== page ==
Monthly Archive for April, 2011

Memoriam Betty Lou Holeman

Betty Raft
Grandma Betty, Granddad Emile, and my dad Mike raft the Deschutes River, from a set of family photos on Flickr.

My grandmother Betty Lou Holeman died on April 2nd, 2011. She passed peacefully, surrounded by four generations of her family at St. Anthony’s Hospital in Pendleton Oregon, a few miles from where she was born. I wrote this requiem for her and for my own piece of mind. After reading it at a family gathering the night before her funeral, I decided to post it here for the rest of my family.

I am the youngest son of Betty Lou’s oldest son, and as one of the grandchildren I am in many ways unprepared to speak about her life. We grandchildren rarely appreciate how our grandparents have changed over time. For so many of Betty Lou’s stories we simply were not around, and we struggle to see the accomplishments of a lifetime, what was tough and what came naturally when she was younger. Instead of countless stories that paint a trajectory of progress, we see a more fixed identity. To a young enough eye, grandma and grandpa’s role feels as dependable as heaven and earth and I am convinced that is why we kids put down our own roots there.

When a stranger asks me about myself, I think of where I come from, and sometimes I think of Betty Lou. More frequently I call on a general sense of belonging that is an almost physical sensation, like the way I can choose to cover my arms with goosebumps if I concentrate. I tell stories about Christmas, Thanksgiving, going to the cabin, picking huckleberries, cooking and eating together, splitting firewood, hunting and fishing, training as an athlete and supporting the home team. I tell how parts of my family walked here before Oregon was an American state, and we have made do by any number of ordinary and honorable vocations since then. But the belonging doesn’t really come from the activities, as much as I value them. The belonging emanates from the people I do these things with, especially Betty Lou. She collected the family history to share with us and more importantly she also presides over it, she presides over our stories. She and Granddad are the quiet masters of ceremony for our whole family experience when we get together. Betty Lou has gone but she left that sense of belonging behind for us; this is the first way that she lives with us still.

Feeling my roots is especially important for me when I am far from Oregon, and sometimes I feel like I am kept close to this family by forces greater than I understand. The night Betty Lou passed away I was working at a Catholic mission hospital called St Gabriel’s in rural Malawi, in eastern Africa. After dinner I sat around the table with seven new friends from medical schools in Kansas and Maryland, and someone suggested a game to play. According to my new friend’s rules we went in turns around the table; all the young men said the names of their grandmothers and the women said the names of their grandfathers. For each person the group chose one of the two names. For me they chose Betty Lou and all night long anyone who called me anything other than Betty Lou had to take a drink from their cup. Maybe you’ve never tried it, but it is actually hilarious to have near strangers call you only by your grandmother’s name, more so after a few drinks. I didn’t know Grandma’s health was taking a turn for the worse, but circumstances mainly beyond my control had decided that she would be on the minds of our entire family that Saturday night, and being ten thousand miles away with no news from home just was not going to stop me from taking part. I thought of her all night in a happy, chuckling way. When I awoke in the morning I saw an email from my mom that Grandma Betty’s blood pressure had dropped and she’d been taken to the hospital again. When my mom wrote that mail she hadn’t yet known how the night would end, but I just kind of knew when I read it. Due to the time difference I didn’t call my mom until 4pm, which was 7am Sunday back in Oregon.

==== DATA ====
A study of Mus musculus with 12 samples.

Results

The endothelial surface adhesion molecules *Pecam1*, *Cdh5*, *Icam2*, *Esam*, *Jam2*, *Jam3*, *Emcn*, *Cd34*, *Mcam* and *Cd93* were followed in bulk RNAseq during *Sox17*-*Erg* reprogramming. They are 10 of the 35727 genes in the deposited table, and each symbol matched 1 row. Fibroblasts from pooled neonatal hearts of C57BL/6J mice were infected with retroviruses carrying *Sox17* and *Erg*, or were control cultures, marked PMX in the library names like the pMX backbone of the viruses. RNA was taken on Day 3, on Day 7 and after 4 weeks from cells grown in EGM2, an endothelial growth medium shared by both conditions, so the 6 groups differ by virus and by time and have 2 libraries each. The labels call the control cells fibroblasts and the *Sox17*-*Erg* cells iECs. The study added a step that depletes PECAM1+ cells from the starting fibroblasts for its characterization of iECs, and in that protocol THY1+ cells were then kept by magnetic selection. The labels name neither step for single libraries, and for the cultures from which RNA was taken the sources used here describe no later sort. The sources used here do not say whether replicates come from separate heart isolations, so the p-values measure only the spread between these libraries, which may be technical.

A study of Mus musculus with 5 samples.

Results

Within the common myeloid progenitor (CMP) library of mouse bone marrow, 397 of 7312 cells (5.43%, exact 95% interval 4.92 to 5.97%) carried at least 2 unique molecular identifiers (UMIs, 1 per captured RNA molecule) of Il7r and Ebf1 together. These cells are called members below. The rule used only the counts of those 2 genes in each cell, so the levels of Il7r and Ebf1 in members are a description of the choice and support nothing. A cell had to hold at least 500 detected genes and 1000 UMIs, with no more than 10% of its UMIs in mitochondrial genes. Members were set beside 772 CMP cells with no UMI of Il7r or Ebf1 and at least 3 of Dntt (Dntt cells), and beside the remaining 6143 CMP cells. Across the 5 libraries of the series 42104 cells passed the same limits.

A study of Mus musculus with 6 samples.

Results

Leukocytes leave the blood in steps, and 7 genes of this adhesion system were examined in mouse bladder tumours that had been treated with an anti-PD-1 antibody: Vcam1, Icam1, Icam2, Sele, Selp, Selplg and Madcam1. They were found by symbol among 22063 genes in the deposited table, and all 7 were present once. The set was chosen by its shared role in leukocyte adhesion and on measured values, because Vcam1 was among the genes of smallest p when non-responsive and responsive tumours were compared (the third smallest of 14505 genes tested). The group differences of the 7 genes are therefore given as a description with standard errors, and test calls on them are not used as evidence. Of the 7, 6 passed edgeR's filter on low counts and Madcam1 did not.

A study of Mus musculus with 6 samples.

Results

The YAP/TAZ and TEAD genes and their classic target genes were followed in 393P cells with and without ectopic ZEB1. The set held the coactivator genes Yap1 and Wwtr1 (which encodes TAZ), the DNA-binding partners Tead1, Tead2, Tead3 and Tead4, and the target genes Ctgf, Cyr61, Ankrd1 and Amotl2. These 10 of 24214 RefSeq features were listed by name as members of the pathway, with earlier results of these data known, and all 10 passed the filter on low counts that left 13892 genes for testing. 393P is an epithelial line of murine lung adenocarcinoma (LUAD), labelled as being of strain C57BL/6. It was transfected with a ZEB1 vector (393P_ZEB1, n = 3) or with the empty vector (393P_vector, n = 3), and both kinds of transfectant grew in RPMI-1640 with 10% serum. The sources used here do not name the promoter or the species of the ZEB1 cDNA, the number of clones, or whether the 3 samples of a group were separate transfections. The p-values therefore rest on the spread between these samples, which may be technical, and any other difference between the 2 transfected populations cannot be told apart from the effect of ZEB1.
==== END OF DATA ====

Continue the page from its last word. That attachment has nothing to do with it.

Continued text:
I was on the next flight home, five minutes after 3pm Monday. Thinking of Grandma Betty as the plane left the ground, wishing her soul a swift and beautiful journey as I made my own way up through the first wispy clouds. The plane continued to rise up over Lake Malawi, such an enormous stretch of water it is like an inland sea. Then far below I saw something unlike anything I had seen before, which is uncommon given how much I fly for work (I’ve filled eleven pages of my passport since August). Some trick of the sunlight on tiny rhythmic wave patterns below, perhaps wind and just the right altitude made a broad patch of the water begin to look like a great crowd, very far away, clapping its hands. With a muted smile I thought that perhaps God had heard me and responded by sending Grandma off to an extraordinary round of applause. But then I felt more strongly that she was close there with me, that perhaps it was Betty Lou down in the surface of the sea, clapping for me. Wishing me a safe journey home, typically quiet and proud without fail, this time because of how closely I carried her in my heart. As if to say If you are willing to live your life in view of eternity, Isaac, you’ll know my support whenever you need it. Growing up not going to Church, I would say this is the recourse nearest to prayer that my family taught me, and by this second means Grandma Betty will live with me as long as I carry her close.

Hours later I am somewhere over the Atlantic as I type this. I’m looking forward to seeing my family, I know we’ll all be strong for each other’s sake. And whenever we rally together for our family’s needs or celebrations, we can say for a third reason that Betty Lou’s story continues and probably will continue on for an awfully long time.